WOODSTOCK, NY–Edgar Villchur, a renowned inventor whose wide-ranging work included breakthroughs in hearing aid technology, died at his home here on Monday, October 17, at the age of 94.
Villchur, who was also a prominent educator, writer, and philanthropist, revolutionized the field of high-fidelity equipment with his 1954 invention of the acoustic suspension loudspeaker. This loudspeaker provided better bass response than was previously possible, while radically reducing the size of the cabinet. He received a patent for that invention as well as for the dome tweeter, which greatly improved the ability of loudspeakers to reproduce accurate high-end sounds. His AR-3 speaker is on display in the Smithsonian Institute’s Information Age Exhibit in Washington, DC.
For these and other inventions in audio engineering, Hi-Fi News ranked him first on its list of the 50 “Most Important Audio Pioneers,” published in 2006.
WW II CHANGED HIS LIFE’S COURSE
Villchur, who was born May 28, 1917, in Manhattan to Russian immigrants, received his master’s degree from City College in art history, and was headed for a career as a scenic designer. World War II changed those plans, and he was trained in maintenance and repair of radios, radar, and other equipment. He was stationed in New Guinea, where he rose to the rank of captain and was in charge of the electronic equipment for his Army squadron. Later, he served in the Philippines and on Okinawa.
After the war, he opened a shop in Greenwich Village, where he repaired radios and built custom home high-fidelity sets. He continued to educate himself in the area of audio engineering, taking night courses in mathematics and engineering. After submitting an article to Audio Engineering magazine (later renamed Audio), he was asked to write a regular column. He also taught a course in his special area of interest, Reproduction of Sound, at the night school at New York University. He wrote three books and over 150 articles on acoustics and sound reproduction, including two articles written at the age of 90.
A PROGRESSIVE BUSINESSMAN
Although Villchur considered himself a scientist and a researcher, he was very successful as a businessman. As president of Acoustic Research, Inc. (AR) from 1952 to 1967, he was known for progressive employment practices and innovative advertising techniques. AR, which manufactured high-fidelity loudspeakers, turntables, and other stereo components of his design, followed equal-opportunity employment practices, and employees received health insurance and profit sharing—benefits that were highly unusual in any but the largest firms in the 1950s and 1960s.
The company was also known for its liberal repair policies, fixing most products for free no matter how old they were, and in general providing excellent customer service. AR’s advertising was distinct from the sensationalistic ads of its competitors, instead concentrating on technical information, reviews by impartial critics, and endorsements from well-known musicians and other personalities who actually used Acoustic Research components.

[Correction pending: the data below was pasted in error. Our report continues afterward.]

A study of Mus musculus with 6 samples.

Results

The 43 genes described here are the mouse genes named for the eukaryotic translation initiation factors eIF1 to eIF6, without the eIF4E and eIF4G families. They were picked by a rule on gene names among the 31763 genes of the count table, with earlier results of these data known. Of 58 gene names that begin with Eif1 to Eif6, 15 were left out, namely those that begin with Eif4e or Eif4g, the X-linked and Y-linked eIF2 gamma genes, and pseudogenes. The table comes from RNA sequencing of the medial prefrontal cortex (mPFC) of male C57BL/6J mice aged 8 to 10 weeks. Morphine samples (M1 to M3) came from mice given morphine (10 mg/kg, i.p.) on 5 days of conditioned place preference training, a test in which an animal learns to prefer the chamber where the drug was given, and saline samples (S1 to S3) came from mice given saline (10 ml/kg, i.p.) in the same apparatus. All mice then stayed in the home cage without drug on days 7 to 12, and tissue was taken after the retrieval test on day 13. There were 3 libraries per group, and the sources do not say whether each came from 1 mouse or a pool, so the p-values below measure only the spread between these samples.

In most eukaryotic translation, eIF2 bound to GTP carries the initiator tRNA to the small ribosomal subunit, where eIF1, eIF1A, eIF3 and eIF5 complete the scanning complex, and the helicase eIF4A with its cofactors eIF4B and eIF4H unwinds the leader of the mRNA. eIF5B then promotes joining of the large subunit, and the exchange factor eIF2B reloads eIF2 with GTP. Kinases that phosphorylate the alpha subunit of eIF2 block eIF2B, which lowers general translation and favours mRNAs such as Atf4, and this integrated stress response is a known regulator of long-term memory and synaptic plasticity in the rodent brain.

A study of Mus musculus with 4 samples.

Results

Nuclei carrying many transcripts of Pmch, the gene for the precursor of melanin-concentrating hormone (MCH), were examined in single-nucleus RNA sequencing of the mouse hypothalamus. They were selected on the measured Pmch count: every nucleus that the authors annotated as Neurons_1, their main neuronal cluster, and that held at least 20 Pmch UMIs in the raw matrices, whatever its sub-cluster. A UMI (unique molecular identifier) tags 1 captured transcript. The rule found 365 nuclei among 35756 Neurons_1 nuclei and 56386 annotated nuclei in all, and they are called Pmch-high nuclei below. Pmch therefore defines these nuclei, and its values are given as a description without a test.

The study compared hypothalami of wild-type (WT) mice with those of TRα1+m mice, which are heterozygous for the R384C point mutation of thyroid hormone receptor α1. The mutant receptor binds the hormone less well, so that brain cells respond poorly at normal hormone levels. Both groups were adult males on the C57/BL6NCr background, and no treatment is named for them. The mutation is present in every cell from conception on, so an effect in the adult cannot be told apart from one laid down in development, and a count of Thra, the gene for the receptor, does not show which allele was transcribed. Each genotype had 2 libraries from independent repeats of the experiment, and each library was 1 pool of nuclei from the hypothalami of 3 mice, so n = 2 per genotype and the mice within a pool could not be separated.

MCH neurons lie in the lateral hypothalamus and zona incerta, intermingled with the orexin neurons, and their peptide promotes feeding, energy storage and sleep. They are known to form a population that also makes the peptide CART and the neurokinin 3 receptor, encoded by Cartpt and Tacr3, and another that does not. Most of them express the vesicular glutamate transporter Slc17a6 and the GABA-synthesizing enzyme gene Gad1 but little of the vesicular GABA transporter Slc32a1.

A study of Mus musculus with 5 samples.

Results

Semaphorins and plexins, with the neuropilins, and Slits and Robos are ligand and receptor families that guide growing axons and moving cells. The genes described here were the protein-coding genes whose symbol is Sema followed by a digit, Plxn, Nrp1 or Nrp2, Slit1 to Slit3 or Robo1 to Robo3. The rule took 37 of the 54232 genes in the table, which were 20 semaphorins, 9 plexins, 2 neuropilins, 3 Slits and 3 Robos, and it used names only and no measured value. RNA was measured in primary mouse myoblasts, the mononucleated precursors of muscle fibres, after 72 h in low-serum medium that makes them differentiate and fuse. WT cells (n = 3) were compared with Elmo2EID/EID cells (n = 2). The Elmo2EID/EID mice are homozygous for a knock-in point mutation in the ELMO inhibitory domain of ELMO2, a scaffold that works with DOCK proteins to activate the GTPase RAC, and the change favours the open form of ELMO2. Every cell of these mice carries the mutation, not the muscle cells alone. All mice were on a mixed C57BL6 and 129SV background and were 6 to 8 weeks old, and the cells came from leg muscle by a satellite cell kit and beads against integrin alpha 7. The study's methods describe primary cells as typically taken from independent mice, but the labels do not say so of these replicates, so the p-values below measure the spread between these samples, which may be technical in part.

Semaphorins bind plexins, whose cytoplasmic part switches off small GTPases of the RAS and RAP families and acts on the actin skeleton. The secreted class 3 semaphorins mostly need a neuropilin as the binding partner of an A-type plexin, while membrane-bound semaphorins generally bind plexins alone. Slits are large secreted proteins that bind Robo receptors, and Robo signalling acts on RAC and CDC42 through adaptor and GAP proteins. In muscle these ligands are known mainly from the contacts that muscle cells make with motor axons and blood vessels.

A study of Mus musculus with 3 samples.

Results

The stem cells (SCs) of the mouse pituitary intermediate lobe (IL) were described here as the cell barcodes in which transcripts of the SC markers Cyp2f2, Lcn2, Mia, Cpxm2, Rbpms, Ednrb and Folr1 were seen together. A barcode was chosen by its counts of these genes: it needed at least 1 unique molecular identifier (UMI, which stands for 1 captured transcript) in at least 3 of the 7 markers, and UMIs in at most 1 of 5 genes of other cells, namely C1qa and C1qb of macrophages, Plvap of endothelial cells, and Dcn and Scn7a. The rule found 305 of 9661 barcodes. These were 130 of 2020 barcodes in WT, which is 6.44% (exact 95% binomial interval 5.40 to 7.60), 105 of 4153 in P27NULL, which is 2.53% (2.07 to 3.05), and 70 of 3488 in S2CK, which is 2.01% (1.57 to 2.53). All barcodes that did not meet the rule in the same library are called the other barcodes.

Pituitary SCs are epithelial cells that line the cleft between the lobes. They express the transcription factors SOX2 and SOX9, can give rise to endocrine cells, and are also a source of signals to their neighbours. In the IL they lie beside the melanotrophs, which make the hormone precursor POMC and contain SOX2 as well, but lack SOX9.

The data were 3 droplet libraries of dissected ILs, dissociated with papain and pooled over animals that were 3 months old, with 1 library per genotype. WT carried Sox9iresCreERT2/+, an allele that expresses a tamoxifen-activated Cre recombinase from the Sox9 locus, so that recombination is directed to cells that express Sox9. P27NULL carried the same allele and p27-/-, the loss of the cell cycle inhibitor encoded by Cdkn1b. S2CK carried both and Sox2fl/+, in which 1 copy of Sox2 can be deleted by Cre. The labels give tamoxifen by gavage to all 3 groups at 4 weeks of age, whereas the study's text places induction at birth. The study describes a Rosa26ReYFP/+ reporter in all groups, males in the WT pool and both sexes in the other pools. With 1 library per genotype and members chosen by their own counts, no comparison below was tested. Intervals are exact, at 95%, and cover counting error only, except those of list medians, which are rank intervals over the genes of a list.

In 1967, Villchur sold AR to Teledyne, and went back to working as a researcher. He chose the field of hearing aids, since he felt that there was considerable room for improvement in these devices. He spent several years investigating the problem in his home laboratory in Woodstock, NY.
By 1973, he had come up with multichannel compression, a revolutionary concept in hearing aid design. Rather than apply for a patent, he decided to publish his findings and make them available to anyone who wanted to use them. ReSound, a hearing aid company in California, worked with Villchur to produce a compression hearing aid. Over the next two decades, his design became the industry standard for hearing aids.
Villchur was also deeply involved with Etymotic Research. In a tribute to the man he called “my best friend,” Mead Killion, founder and president of Etymotic, said, “Eddie’s support made Etymotic Research possible.” While Villchur’s investment in Etymotic proved highly successful, Killion still maintains, “I could never repay his business, scientific, editorial, and personal counsel. For that, he expected us to pay it forward, which I have tried to do.”
Villchur lived in Woodstock from 1952 until his death. Music and art were very important to him, and he served on the boards of Maverick Concerts and of the Woodstock Artists’ Association for many years. He was a friend, advisor, and benefactor to countless organizations and individuals in the community.
He is survived by his wife of 66 years, Rosemary (Romy) Villchur; his son, Mark Villchur of Boston; his daughter, Miriam Villchur Berg, of Woodstock; and many devoted friends who considered themselves, and were considered by him, members of his family.
He was a great philanthropist, and supported many local organizations, including Family of Woodstock, the Woodstock Emergency Rescue Squad, the Woodstock Fire Department, the Woodstock Library, Maverick Concerts, and the Woodstock Artists Association and Museum. Donations in his name can be made to any of those organizations.
The preceding obituary was based primarily on information provided by Edgar Villchur’s daughter. For more about him, see this week’s post by Marshall Chasin at Hear the Music, read the Wikipedia article on him, go to his personal web site <edgarvillchur.com>, or read the obituary in the October 18 New York Times.